As Executive Vice President and General Counsel for the News Media Alliance, Danielle Coffey leads the advocacy efforts for the NMA's over 2000 news and magazine publishing members worldwide.
2022 was a busy year for Coffey as the U.S. Congress held committee meetings to consider passage of the well-publicized “Journalism Competition and Preservation Act” (JCPA), introduced in the House (H.R. 1735) by Rep. David Cicilline (D-RI) and Rep. Ken Buck (R-CO), and in the Senate (S. 673) by Sen. Amy Klobuchar (D-MN) and Sen. John Kennedy (R-LA). If made into law, this legislation, greatly supported by the news publishing industry, would allow news publishers to collectively negotiate with “big tech” platforms like Google and Facebook for fair compensation for using the news content these publishers generate.
The NMA has been promoting a number of cogent arguments as to why the JCPA is necessary to help local news publishers maintain sustainable business models. These "talking points" include:
In mid-December of 2022, it looked like the JCPA might pass into law as an attachment to the National Defense Authorization Act (NDAA), a necessary bill designed to keep the military funded. However, the legislation was "erased" from the NDAA at the last minute.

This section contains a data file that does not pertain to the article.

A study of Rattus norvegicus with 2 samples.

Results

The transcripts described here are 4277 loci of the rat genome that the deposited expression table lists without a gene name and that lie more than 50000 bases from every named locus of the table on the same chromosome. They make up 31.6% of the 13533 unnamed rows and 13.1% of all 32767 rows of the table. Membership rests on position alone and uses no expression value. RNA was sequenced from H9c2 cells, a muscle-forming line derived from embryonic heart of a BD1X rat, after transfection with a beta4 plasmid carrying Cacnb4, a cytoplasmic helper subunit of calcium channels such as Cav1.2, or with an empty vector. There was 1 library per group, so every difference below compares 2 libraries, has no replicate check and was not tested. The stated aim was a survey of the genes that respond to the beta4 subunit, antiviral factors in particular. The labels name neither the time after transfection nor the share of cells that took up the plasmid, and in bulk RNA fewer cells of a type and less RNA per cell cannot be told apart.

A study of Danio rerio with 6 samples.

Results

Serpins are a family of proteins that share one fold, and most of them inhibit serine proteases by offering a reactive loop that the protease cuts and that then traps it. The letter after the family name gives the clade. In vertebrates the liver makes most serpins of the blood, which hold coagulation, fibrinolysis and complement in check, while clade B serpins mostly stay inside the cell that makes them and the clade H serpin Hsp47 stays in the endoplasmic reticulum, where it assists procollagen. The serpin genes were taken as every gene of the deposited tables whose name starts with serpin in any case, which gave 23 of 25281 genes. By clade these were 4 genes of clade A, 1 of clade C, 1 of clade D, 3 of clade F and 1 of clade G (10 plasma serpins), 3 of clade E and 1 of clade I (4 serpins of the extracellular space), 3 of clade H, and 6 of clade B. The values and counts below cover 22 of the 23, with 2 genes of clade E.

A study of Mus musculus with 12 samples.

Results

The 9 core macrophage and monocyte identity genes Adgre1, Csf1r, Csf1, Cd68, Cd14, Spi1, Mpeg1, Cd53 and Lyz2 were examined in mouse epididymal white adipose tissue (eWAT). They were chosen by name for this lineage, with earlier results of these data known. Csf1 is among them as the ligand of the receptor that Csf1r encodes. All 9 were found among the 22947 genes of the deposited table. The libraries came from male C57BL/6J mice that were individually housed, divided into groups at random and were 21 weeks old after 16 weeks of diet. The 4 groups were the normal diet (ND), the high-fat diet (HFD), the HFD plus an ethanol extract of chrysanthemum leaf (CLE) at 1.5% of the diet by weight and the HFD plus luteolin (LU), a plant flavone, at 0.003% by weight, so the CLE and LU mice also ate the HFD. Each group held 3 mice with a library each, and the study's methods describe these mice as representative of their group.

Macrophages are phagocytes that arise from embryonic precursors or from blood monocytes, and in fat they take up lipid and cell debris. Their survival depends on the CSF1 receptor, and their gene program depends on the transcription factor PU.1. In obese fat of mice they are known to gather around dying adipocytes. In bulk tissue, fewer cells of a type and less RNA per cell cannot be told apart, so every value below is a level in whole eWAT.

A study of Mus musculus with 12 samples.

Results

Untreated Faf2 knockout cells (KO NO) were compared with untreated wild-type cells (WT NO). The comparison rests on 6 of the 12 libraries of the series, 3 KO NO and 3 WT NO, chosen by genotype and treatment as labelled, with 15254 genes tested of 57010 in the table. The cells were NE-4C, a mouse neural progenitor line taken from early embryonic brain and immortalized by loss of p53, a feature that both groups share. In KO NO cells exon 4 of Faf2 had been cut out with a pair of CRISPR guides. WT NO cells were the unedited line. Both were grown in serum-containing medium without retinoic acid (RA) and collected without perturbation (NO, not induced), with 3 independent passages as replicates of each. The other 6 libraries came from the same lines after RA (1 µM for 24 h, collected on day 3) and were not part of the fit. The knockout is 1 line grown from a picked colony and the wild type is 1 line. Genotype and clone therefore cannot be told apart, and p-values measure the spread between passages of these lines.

Then as a final attempt to help the JCPA become law before the end of the 177th Congress, legislators attempted to attach it to the controversial $1.7 trillion omnibus spending bill. However, last-minute lobbying from consumer, trade and civil society advocates like the American Civil Liberties Union (ACLU); Free Press Action; the Center for Democracy & Technology; and Local Independent Online News Publishers (LION) deluged Congressional leaders with last-minute media that argued against the bill, stating that the JCPA included nothing to guarantee that the monies ultimately paid to news publishers (through negotiation or arbitration) would be used to pay or hire journalists. Their messaging also suggested that the JCPA would favor large media conglomerates, which might “dominate negotiations,” disenfranchising smaller, independent outlets.
In this 169th episode of E&P Reports," we go one-on-one with Danielle Coffey, Executive Vice President and General Counsel for the News Media Alliance (NMA), to gain her perspective on what really happened in 2022 to the nearly passed Journalism Competition and Preservation Act” (JCPA). She'll also address why this controversial legislation, designed to allow news publishers to collectively negotiate with “big tech” platforms like Google and Facebook for fair compensation for their use of the news content they monetize, failed to become the law of the land. Coffey also reviews the next steps the NMA will take to keep this legislation alive and the possible future of other content pending compensation models like publisher tax credits and several pending antitrust suits currently being filed by local media companies.